How RePEc helps with Open Access in Economics

From 21 to 27 October 2019, the Open Access Week is raising awareness about free access to scholarly research. This year’s theme is “Open for Whom? Equity in Open Knowledge,” which fits nicely in the mission of RePEc. Indeed, the goal of RePEc is to enhance the dissemination of research in the field of economics, in particular through the democratization of access to economic research both for the authors and the readers. The core aspect of RePEc is an open bibliography that allows various “RePEc services” to leverage the metadata about publication in various ways, such as email lists, search engines, organized listings, and more. For an overview of some of the services, see the RePEc home page.

RePEc facilitates open access is several ways. First, all publishers are on equal footing in terms of getting their publication material indexed in RePEc. It is upon them to follow the instructions and maintain their holdings. Second, the metadata makes the distinction between gated and free access, which some RePEc services exploit in the display of the research. For example, on EconPapers, information about download restrictions is listed next to the download link. In the absence of such language, it is assumed that the article is openly accessible (click on images to see them better):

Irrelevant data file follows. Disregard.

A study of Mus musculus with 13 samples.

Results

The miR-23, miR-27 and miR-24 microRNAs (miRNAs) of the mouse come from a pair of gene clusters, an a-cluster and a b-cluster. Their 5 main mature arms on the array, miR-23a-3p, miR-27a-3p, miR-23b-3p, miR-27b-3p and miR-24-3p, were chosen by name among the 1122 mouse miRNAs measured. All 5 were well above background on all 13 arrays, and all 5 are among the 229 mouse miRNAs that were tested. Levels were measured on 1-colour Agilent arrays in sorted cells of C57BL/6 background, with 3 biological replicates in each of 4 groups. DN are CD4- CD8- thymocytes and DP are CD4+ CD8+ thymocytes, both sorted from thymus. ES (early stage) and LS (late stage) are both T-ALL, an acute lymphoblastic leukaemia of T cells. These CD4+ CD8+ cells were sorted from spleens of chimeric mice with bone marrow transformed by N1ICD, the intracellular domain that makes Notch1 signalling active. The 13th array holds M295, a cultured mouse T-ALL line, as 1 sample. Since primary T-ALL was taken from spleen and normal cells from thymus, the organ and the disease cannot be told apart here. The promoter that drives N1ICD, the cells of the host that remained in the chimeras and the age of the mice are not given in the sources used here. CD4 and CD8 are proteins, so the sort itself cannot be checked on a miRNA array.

In addition, the listing of articles on IDEAS for a journal also displays an icon about the download status. In this case, within the same issue of a journal, the first article is open, the second gated, and the third not available online.

Open access penetration in economics journals is comparatively low, though. Indeed, there is likely less need for open access due to a large number of pre-prints, called working papers or discussion papers in economics. In fact, RePEc and it predecessor projects were launched precisely to disseminate working papers, and over 900,000 of them are currently indexed. Working papers are typically in open access, with few exceptions, and it is then not surprising that when both working paper and article versions are available, the working paper is downloaded many more times.

Matching different versions of the same work is a difficult undertaking, especially as many different works have the same title. We leverage the fact that about half the indexed works are written by someone registered in the RePEc Author Service. Then if the same author has several works with a very similar title, we deem them to be different versions of the same research. And if the title changed, authors can add a link using this form.

This information in then leveraged on RePEc services. For example, on EconPapers, the working paper versions are listed right under the download link of the article (and vice-versa).

On IDEAS, there are multiple prompts about the availability of different versions. On the article listing of the journal, a green “WP” appears when a working paper version is available. Then, on the abstract page of the article, the pill for download tab mentions it again. And, finally, the working paper versions are listed right under the download link (and the article version on the working paper download link).